Some property investors regard themselves as ‘growth’ investors, looking more for property that will increase in value quickly and substantially. Others are ‘income’ investors. They would rather the rental return covers all the costs associated with owning the property so that it doesn’t cost money out of their own pocket every week.
Arguments often break out between proponents of these two approaches as to which is the best approach—to invest for growth or cash flow? It’s important to remember that the two are not mutually exclusive. It is possible to invest in property that returns both strong positive cash flows and good capital gain.
You just have to find it—and often be patient and wait for it.
It’s important to remember that property is a medium to long-term investment. So the yields will change (as a percentage) over the life of the investment. A property that is cash flow negative when you buy it may well become positive as rents increase and your loan gets paid off (providing you choose a principal and interest loan—which not all investors do).
Most new capital city properties will not return a positive cash flow when you first purchase them. The rents are not high enough and the property prices are such that the rental yields are quite low in terms of a percentage of the purchase price of your investment.
Remember though, that depreciation allowances on newer buildings are higher and, depending on which tax bracket you are in, the tax deductions you can claim from depreciation on the building and plant and equipment at the property can make a difference to the overall returns from your property investment. If you are considering buying off the plan, the developer will often provide you with a depreciation report so that you can calculate the allowances you will be entitled to claim and how this may affect your cash flow.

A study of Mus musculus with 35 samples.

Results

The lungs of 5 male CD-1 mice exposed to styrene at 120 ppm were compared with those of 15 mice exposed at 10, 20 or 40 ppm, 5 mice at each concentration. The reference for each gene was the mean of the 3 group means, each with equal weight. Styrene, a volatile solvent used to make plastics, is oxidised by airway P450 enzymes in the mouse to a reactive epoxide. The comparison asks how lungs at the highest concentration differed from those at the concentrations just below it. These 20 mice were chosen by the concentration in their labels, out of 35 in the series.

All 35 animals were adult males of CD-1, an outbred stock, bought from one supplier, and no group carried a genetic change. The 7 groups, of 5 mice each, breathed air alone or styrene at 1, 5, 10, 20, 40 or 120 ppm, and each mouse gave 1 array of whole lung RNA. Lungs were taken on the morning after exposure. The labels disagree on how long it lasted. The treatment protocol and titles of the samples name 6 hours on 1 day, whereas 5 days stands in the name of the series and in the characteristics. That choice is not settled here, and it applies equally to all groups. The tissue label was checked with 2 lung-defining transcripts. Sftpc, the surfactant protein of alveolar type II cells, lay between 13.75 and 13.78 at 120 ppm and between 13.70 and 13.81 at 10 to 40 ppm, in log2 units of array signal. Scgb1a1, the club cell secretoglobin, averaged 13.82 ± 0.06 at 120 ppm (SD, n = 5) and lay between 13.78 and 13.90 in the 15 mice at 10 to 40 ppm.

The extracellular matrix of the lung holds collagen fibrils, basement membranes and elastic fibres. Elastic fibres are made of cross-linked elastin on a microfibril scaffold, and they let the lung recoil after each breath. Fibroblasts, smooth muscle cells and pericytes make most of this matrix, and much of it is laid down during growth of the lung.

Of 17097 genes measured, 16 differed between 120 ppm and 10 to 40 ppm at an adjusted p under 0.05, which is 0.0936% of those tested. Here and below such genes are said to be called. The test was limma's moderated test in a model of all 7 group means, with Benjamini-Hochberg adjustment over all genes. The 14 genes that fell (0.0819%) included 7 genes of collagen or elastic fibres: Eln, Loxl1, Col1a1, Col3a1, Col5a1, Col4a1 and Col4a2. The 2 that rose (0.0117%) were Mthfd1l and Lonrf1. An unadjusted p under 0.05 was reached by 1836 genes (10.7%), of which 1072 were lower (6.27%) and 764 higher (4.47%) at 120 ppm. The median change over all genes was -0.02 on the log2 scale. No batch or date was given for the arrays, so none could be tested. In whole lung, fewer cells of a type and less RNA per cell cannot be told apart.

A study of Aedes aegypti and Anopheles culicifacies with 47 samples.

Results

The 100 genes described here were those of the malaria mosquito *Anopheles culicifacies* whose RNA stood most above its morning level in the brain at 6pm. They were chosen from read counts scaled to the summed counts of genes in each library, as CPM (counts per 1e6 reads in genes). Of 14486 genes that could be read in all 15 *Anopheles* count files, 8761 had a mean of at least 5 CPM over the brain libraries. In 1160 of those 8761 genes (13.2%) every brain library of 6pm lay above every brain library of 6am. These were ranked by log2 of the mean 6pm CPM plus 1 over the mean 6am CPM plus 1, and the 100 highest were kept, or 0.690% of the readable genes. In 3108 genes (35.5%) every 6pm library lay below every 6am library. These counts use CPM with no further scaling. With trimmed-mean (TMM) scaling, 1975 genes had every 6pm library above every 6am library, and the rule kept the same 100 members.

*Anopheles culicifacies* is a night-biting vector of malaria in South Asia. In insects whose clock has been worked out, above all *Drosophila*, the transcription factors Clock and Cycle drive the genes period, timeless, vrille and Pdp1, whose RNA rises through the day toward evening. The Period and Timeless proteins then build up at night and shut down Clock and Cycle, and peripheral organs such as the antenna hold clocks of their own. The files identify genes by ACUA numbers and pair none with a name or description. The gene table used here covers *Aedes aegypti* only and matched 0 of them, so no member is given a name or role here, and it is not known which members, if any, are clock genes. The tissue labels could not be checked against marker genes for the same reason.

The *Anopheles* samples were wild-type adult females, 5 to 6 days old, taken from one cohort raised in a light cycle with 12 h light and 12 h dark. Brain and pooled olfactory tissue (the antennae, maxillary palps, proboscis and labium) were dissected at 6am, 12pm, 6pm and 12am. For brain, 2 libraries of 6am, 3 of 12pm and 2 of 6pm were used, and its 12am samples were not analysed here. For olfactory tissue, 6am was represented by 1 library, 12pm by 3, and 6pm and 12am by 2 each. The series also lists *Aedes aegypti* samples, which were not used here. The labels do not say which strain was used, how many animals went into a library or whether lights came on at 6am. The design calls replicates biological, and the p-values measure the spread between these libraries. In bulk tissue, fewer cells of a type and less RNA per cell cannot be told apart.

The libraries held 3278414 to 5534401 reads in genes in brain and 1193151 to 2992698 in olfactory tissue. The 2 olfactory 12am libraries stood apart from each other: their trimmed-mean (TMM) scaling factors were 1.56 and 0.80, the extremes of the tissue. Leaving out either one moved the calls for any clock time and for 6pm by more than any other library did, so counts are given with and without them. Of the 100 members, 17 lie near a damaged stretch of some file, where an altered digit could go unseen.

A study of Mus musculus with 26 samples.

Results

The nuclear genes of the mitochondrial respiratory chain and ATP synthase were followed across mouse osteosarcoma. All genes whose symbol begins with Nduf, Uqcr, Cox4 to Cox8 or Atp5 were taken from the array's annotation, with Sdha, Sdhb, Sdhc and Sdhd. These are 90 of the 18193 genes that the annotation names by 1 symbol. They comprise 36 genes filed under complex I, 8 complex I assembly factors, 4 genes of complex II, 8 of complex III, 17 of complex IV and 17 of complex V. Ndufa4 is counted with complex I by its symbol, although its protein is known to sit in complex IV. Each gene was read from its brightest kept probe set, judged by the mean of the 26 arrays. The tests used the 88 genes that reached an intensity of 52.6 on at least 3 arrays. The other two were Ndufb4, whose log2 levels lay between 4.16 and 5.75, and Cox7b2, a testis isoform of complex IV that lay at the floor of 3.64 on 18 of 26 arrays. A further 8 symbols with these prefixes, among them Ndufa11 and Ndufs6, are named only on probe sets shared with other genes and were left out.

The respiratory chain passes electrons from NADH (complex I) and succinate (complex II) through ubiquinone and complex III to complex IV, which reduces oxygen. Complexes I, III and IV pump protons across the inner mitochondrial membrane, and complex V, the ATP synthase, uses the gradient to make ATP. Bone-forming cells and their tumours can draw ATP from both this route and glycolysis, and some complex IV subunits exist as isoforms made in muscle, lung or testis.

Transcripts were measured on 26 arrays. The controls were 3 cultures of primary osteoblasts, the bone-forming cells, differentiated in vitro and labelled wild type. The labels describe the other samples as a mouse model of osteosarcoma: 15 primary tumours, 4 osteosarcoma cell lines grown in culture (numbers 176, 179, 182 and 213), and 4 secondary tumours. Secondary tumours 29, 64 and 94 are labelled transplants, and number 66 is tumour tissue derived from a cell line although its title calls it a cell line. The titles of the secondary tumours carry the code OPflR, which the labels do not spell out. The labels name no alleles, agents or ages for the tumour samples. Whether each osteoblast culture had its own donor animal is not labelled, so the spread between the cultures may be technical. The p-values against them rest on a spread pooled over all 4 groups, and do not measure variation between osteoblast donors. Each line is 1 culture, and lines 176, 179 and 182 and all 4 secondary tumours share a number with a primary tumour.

Well-located, quality real estate in capital cities will usually (all things being equal) attract good tenants and enjoy low vacancy rates, so the cash flows will be consistent and continuous, while you wait for that capital growth to kick in.
The graph shows home value growth in Melbourne, Sydney and Brisbane since 2008. (Source: RP Data)
In regional areas, it’s possible to locate lower-priced property with comparatively high rental yields and this is a strategy that many ‘income’ investors choose. Regional areas however, collectively, have not historically enjoyed the same capital growth as capital city properties.
It’s not wise to generalise, as the regions are so vast and their economies and growth drivers are very different. Mining towns are ‘regional’ and many investors have enjoyed stellar short-term growth and unbelievable rental returns in these areas, but those areas are generally regarded as high risk.
Of course, any capital growth is taxable when you sell your investment property as you will be liable for capital gains tax (CGT). Capital gains tax is discounted by 50% if you have held the property for more than 12 months and you have purchased the property in individual or joint names.
To summarise, the best investments are those that offer both good capital growth over the medium to long term and strong consistent cash flow that becomes positive over the time you hold the property.